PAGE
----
Trinidad and Tobago (T&T), has set an ambitious renewable energy (RE) target of 10% of installed capacity by 2021. This equates to approximately 200 MW given the combined installed capacity of the two islands is over 2000 MW of natural gas based power generation.
T&T is the only nation in the western hemisphere, and the second in the world, that generates 100% of its electricity needs from natural gas. Therefore, unlike the other islands in the Caribbean T&T is already energy independent, since all the natural gas used is sourced locally through its sophisticated network of pipelines. As a consequence, T&T have seen the lowest and most stable electricity rates in the region over the last decade.
Given that T&T is already energy independent, the integration of renewables will have the effect of reducing the natural gas demand for electricity production and thereby increasing the levels available for export and/or for use in the well developed local petrochemical industry. This is now being championed by the energy sector as a means to increasing government revenues in a time when the nation is witnessing a significant decline in revenues and consecutive budget deficits.
We decided to weigh in on the potential savings to be derived from this level of renewable energy integration. In order to do this we first had to assume a mix of renewable energy technologies. Since the objective is to use renewables as a means to reduce the consumption of a natural gas and thus increase government revenues, it thus implies that the 200 MW will come from utility scale renewable energy projects only.
We therefore opted to break up the 200 MW into 120 MW of onshore wind, 60 MW of solar pv and 20 MW of waste to energy. No consideration is given to the technical feasibility of this RE mix. There are, however, ongoing discussions on the subject of undertaking solar and wind resource assessments and there are currently no known technical barrier limiting grid connection.
As the based case, we looked at Jamaica, which has over 150 MW of utility scaled renewables connected to the grid, to formulate a case for wind and solar in T&T. In 2016, Jamaica commissioned 60 MW of wind and 20 MW of solar capacity at a cost of approximately US $200 million.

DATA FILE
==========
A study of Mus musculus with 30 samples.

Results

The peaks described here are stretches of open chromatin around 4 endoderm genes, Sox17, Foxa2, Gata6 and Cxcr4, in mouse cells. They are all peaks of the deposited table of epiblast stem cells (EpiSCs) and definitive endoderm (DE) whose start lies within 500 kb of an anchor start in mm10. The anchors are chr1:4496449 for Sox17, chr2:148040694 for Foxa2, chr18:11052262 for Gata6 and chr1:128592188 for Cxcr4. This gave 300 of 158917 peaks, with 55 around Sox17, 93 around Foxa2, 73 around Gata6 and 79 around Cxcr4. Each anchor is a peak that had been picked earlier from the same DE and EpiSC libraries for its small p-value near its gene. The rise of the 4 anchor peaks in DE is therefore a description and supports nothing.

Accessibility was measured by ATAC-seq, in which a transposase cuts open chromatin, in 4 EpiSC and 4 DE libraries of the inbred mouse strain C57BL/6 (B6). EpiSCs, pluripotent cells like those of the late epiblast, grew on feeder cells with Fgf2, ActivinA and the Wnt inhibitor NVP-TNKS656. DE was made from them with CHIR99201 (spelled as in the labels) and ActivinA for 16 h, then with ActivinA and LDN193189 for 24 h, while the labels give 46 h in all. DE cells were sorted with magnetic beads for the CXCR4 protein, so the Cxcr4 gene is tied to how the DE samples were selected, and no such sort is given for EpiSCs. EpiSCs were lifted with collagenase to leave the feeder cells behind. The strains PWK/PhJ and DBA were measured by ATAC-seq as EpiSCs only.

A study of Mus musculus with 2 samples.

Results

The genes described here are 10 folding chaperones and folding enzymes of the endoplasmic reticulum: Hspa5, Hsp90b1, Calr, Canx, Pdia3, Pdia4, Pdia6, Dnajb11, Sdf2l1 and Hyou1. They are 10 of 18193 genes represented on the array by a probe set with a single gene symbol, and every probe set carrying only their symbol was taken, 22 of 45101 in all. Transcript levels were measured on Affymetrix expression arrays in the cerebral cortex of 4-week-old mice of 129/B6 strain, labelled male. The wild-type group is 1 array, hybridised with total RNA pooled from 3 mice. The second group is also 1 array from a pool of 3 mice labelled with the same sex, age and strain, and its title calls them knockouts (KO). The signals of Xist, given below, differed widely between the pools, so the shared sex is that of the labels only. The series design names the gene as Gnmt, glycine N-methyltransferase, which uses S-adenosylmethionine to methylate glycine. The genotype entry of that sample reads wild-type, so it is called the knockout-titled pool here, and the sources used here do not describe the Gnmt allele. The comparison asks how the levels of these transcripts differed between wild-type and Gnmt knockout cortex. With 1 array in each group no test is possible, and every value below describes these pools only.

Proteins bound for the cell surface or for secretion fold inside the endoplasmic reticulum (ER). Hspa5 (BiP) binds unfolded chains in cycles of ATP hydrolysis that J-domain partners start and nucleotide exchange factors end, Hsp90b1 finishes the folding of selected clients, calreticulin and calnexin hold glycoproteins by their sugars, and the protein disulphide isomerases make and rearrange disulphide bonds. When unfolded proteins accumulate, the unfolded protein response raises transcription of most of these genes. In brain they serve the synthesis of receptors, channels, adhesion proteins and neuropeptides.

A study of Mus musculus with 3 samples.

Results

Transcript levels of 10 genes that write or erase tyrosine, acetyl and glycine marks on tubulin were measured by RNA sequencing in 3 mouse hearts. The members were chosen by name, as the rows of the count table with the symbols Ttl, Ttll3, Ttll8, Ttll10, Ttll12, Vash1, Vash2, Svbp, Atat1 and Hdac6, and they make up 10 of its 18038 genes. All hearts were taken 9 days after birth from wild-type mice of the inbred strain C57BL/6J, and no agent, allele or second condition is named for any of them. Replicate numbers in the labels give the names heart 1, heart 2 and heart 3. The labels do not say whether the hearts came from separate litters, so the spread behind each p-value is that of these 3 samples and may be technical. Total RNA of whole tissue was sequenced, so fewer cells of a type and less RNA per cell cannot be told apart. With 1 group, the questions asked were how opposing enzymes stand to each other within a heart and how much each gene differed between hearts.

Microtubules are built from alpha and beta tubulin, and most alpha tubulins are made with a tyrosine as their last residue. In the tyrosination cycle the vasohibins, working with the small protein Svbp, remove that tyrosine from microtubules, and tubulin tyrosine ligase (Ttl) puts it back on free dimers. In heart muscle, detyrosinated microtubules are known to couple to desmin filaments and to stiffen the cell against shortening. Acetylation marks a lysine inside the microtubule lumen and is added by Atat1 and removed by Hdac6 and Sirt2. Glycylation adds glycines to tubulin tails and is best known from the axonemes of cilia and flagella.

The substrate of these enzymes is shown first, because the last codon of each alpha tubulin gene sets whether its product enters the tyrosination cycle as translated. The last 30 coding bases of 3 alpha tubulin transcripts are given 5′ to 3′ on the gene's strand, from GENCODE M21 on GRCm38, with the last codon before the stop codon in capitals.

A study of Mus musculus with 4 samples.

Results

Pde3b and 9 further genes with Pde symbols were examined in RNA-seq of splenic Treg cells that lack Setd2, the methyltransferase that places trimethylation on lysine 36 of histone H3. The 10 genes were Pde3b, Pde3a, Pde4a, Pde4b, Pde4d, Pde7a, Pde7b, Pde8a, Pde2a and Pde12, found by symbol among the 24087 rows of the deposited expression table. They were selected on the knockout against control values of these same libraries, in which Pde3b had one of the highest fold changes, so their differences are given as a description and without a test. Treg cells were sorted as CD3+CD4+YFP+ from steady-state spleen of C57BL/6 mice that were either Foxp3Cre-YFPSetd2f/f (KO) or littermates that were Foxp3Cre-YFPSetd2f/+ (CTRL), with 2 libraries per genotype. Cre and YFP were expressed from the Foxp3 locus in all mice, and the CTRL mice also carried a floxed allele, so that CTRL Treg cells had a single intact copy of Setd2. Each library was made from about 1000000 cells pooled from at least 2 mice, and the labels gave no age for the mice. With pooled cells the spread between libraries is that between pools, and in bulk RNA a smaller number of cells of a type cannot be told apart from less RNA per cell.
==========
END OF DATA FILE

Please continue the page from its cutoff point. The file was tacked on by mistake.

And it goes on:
If we use the 36 MW BMR Wind Farm in Jamaica, commissioned in 2016 at a cost of US $90 million, as an example then, 120 MW of utility scale onshore wind capacity should not cost T&T more than US $300 million in 2018, given that the capital cost of onshore wind fell by 20% between 2010 and 2017. Conservatively, 120 MW of wind can generate 285,000 MWh annually, thus avoiding the use approximately 2,850,000 MMBTU of natural gas annually for the production of electricity.
Similarly, if we use the 20 MW Content Solar Farm in Jamaica, also commissioned in 2016 at a cost of US $63 million, then 60 MW of utility scale Solar PV should not cost T&T more than US $190 million in 2018, since the capital cost of solar PV fell by 68% between 2010 and 2017. 60 MW of solar can conservatively generate 95,000 MWh annually, thus avoiding the use of approximately 950,000 MMBTU of natural gas annually.
There has been some discussion around the potential of a waste to energy (WtE) facility at the country’s largest landfill, located on the outskirts of the capital city. The Solid Waste Management Company (SWMCOL) estimates that the landfill receives approximately 1000 tonnes of uncharacterized waste daily. We estimate that a 20 MW WtE facility can be developed at the proposed site to produce energy for the national grid.
Using the information on the Solid Waste Authority of Palm Beach County Renewable Energy Facility 2 (REF2), a 100 MW mass burn WtE facility commissioned in 2015 at a cost of US $672 million, we assume, therefore, that a similar facility rated at 20 MW should not cost T&T more than US $150 million. Given that a mass burn WtE facility is a steam power plant at its core, then a 20 MW plant should generate approximately 150,000 MWh annually and thus avoiding the use of approximately 1,500,000 MMBTU of natural gas annually.
Therefore, from our selected portfolio of renewables we see that the potential exist to avoid approximately 5,300,000 MMBTU of natural gas annually. However, this does not come cheap as total investment cost estimates to US $640 million. The following chart shows the projected price of natural gas up to 2040.
If we therefore look at the pessimistic case, we see that the price of natural gas in the US is projected to vary between US $3.00 to $4.00 over the remaining period and averages about US $3.50. Using this price we estimate a potential earning of US $18.6 million annually. The optimistic outlook, on the other hand, shows an average price of approximately US $6.80 resulting in a potential earning of US $36 million per annum.
Both the pessimistic and the optimistic looks gave very large negative net present values using a 10% discount rate over a 20 year period. The optimistic case only gave a positive net present value for a discount rate of about 1%. The analysis assumes that the projects would be government owned and did not take into consideration the operation and maintenance cost over the life of the project. Overall, it shows that the projected revenues to be derived from the sale of the avoided natural gas on the open market will not return the capital invested over a 20 year horizon.